What does someone mean when they say “basic estate plan”? What documents are included? And why are they important?
There are four key documents included in a basic estate plan: the Last Will and Testament, the Financial Power of Attorney, the Healthcare Power of Attorney, and the Healthcare Directive (also called a Living Will).
Most people have little knowledge of what all is involved in estate planning, other than a basic will, so I'd like to give an introduction to each document involved under the umbrella of an “estate plan”, and explaining why each of them are important.
I will be beginning with the most basic and well-known document in any estate plan, the Last Will and Testament, commonly known as the Will.
What Is A Will?
We are commonly familiar with a Will as the document that bequeaths our belongings to others upon our death. However, this is not the only capacity of a will. Depending on who you are and what your assets are, it may not even be the most important function.
First, a few definitions. A decedent is the person who dies. If a decedent dies with a valid will, they are said to have died testate, and their property will be distributed as outlined in the will. If the decedent does not have a valid will, they are said to have died intestate.
In that situation, the intestacy statutes of the decedent’s state will come into play. These statutes lay out a schedule as to how that propertyshould be distributed. Thus, if you have a valid will, you can distribute it however you want; if you do not, the state will do it for you, and possibly not the way you desire.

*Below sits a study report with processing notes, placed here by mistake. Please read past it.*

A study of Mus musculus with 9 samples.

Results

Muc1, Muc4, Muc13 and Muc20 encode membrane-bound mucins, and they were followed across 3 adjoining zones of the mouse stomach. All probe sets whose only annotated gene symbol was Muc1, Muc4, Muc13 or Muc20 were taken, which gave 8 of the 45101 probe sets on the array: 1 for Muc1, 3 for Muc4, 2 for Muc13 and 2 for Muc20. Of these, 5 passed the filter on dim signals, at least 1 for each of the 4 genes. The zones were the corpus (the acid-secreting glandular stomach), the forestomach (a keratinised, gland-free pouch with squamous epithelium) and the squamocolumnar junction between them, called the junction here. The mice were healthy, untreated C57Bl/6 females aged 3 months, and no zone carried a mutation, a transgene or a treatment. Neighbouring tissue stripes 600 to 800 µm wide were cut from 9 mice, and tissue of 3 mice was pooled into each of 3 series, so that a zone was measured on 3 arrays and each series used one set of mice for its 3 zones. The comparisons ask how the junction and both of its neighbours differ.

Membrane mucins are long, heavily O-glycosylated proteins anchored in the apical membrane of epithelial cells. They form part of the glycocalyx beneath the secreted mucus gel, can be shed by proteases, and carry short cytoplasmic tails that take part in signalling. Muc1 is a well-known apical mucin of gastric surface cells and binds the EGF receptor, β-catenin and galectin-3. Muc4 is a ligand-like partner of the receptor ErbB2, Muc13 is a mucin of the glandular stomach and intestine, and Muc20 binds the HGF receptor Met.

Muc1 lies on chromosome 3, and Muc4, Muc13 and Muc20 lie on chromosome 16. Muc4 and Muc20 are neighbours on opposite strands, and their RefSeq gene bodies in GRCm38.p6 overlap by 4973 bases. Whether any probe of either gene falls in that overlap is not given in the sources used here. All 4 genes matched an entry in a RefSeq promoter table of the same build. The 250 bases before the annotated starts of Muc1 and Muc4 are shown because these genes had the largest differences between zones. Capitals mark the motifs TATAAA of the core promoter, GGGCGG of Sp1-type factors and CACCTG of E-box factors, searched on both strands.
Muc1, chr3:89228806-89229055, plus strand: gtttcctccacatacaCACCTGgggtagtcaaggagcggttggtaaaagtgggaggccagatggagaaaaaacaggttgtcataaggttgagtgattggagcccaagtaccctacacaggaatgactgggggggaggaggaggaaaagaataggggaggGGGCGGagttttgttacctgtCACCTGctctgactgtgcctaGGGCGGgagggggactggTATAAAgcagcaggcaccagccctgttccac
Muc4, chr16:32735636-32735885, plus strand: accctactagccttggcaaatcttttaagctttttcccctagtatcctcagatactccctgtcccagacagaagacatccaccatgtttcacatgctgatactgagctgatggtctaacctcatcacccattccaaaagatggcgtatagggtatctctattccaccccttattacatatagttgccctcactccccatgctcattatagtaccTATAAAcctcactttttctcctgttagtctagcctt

Three Primary Functions Of A Will
A Last Will and Testament should accomplish several things.
First, it should identify who (family members, friends etc.) will receive your property, and in what proportion.
Second, it should appoint an executor, called the personal representative. This person oversees and directs the tedious, often thankless, but vital task of probate, the administering the estate of the decedent.
Choosing a personal representative is an extremely important part of making a will. This role requires the personal representative to file the appropriate court documents, gather all the property of the decedent, notify creditors, pay debts, put together an accounting of the property, and distribute the remaining assets according the terms of the will, as well as deal with any complaints of the beneficiaries of the will. The personal representative need not do all the above tasks themselves (they can hire an attorney to help), but they are the one ultimately responsible for the process, so due care should be given to appoint a trusted and competent person to deal with probate.
Third, in the case of minor children, the will should appoint a “guardian.” The guardian will care for the children until they reach majority (age 18). The will should also appoint a “trustee” for the children. The trustee manages the children’s inheritance until they reach age 18, or are deemed old enough or mature enough (as spelled out in the will), whichever comes last.
For families with minor children, this is vital. Otherwise, upon the death of the parents, a guardianship case will commence, and the court will appoint the guardian. This process is expensive and drawn out, and may not reflect the parents’ wishes. A wise parent puts a plan in in place ahead of time, and a valid will insures this plan will be followed.
Clearly, there are a number of reasons to create a will: designating beneficiaries, selecting a personal representative, and providing for minor children. In the absence of a will, state intestacy laws will decide how property is distributed and a judge will decide guardianship of children. Your will insures that you decide these things, not strangers.
In my next post, I will outline and explain the intestacy statutes for Idaho and Washington, as well as both states’ requirements for a valid will.